The yearning for a place where one belongs, whether literal or metaphorical, is almost as universal as the fear of death or the yearning for love.
A home can be a physical place of abode, distilled to architecture and geography: a grandmother’s hut, an idyllic suburban garden or a chaotic house of hunger. Yet other homes still are metaphorical and linked rather to people and feelings.
While we all desire safe and eternal homes, the home in chaos is a good point of departure for discussing belonging as seen in Marechera’s iconic House of Hunger which served as both a statement of discontent and an indictment against the colonial government’s housing policies.
As the world becomes increasingly globalised, we meditate too on the phenomenon of the Zimbabwean diaspora, especially since our recent history has seen more immigration than other periods in Zimbabwean history. What does it mean to stay vs to leave? Is there a difference between the experiences of a Zimbabwean in Nketa vs a Zimbabwean in Manchester? How do their conceptions of home differ?
Is it fair, too, to link our sense of belonging or comfort in our loved ones? While Somali-British poet, Warsan Shire, posits, “You can’t make homes out of human beings someone should have already told you that”, poems that cast family members and lovers as bastions of belonging are valid too.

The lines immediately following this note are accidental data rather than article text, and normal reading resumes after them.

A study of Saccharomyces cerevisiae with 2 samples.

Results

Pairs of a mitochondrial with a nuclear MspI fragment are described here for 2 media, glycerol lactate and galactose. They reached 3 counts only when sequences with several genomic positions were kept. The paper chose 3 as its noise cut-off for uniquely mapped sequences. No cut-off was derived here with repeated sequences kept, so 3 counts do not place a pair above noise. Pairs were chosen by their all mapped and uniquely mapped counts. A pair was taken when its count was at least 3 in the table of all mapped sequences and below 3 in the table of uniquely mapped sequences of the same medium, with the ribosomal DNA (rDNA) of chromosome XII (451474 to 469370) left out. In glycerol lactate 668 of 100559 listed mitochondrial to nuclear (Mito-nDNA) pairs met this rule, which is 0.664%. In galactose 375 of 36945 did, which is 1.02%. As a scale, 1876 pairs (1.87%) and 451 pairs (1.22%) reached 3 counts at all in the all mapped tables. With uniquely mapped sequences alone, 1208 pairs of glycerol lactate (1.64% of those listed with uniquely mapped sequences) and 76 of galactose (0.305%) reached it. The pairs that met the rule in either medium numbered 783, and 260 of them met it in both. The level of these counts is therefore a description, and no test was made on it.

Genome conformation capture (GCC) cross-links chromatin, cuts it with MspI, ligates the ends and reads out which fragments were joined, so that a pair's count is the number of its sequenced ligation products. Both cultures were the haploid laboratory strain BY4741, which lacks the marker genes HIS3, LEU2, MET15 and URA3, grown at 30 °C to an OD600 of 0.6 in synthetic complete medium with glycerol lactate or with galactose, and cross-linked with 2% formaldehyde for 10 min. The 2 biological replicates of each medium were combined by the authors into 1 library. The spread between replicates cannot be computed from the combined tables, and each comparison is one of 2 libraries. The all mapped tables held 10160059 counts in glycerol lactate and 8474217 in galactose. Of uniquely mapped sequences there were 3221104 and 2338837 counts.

In the second issue of Ipikai, we are seeking poems about home and belonging, poems about brick houses and cardboard shacks and a mother’s embrace and the stark cold of homelessness.
You’ll find the submission details here.
Ipikai Poetry Journal
IPIKAI ISSUE 2 HOME & BELONGING
Submit Your Poems
Tariro Ndoro holds an MA in Creative Writing form Rhodes University. Her debut poetry collection, Agringada: Like a Gringa, Like a Foreigner (Modjaji Books, 2019) was the recipient of a NAMA Award for Outstanding Poetry Book. She has made appearances at various literary festivals and facilitates writing workshops.